Short answer: ‘Deviled’ is used to describe a food that is prepared spicy and probably has nothing to do with the biblical Devil.
First, a little history.
The roots of the modern-day deviled egg can be traced back to ancient Roman times, where eggs were boiled, seasoned with spices, and then typically served at the beginning of a meal.
Sometime in the early 13th century, these stuffed eggs began appearing in Andalusia (modern-day Spain). An anonymous Andalusian cookbook instructs the reader to pound boiled egg yolks with onion juice, cilantro, coriander, and pepper. After stuffing this mixture into the hollowed egg whites, the two egg halves were then peppered and fastened together with a small stick.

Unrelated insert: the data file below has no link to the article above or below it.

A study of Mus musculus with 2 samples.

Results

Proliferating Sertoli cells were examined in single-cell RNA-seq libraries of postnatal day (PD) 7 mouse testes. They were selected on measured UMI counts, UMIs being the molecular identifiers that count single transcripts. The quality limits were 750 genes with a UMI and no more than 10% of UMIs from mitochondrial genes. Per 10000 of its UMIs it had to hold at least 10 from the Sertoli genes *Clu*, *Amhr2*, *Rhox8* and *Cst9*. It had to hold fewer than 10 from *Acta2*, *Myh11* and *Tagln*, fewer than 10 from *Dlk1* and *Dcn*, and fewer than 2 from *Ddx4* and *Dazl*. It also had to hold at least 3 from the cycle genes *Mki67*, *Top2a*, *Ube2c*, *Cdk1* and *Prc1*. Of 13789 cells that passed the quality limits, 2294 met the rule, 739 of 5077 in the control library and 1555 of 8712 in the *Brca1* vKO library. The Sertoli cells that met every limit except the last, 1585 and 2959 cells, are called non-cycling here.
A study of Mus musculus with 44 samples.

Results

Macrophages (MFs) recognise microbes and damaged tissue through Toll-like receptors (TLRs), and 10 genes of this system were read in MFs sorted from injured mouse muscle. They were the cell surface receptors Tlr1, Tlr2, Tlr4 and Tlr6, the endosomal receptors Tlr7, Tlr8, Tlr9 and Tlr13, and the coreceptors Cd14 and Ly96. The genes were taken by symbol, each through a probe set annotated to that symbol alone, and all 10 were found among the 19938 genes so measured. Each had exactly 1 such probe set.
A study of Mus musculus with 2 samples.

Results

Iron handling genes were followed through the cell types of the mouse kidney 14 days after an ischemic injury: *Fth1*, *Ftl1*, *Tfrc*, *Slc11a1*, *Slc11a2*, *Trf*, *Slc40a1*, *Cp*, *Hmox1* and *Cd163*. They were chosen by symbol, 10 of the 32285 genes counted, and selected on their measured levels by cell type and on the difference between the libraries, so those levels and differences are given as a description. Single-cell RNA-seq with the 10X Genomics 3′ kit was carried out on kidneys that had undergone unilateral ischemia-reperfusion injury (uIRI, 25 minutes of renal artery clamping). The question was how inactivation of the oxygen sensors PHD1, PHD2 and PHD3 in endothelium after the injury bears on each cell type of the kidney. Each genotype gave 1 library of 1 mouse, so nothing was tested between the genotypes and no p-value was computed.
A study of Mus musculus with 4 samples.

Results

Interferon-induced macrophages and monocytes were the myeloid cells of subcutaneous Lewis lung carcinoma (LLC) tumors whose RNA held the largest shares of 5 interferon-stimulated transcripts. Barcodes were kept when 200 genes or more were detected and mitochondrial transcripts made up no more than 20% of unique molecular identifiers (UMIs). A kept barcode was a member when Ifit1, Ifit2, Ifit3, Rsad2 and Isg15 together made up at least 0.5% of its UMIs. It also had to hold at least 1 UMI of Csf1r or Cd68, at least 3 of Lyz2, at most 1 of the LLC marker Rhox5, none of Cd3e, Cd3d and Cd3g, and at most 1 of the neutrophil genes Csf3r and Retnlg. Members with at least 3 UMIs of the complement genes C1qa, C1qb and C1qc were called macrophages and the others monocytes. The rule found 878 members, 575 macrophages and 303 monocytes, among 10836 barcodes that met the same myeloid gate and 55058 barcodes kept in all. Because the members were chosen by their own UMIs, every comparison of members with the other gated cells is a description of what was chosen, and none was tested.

By the 15th century, these stuffed eggs had made their way across much of Europe. Cookbooks from medieval times contain recipes for boiled eggs that were often filled cheese, raisins, and herbs such as marjoram, mint, and parsley and then fried in oil and served hot.
The first known documented mention of ‘devil’ as a culinary term appeared in England in 1786. It was used to reference dishes prepared using spicy ingredients and/or dishes that were highly seasoned and then broiled or fried. By 1800, ‘deviling’ became a verb used to describe the process of making food spicy. In some parts of the world, the ‘deviled’ egg is referred to as a “salad egg,” “mimosa egg,” or “dressed egg,”—especially when served at church activities to avoid any association with Satan.
No one knows why the word ‘deviled’ was originally used, however, there is speculation that it was due to the Devil also being hot.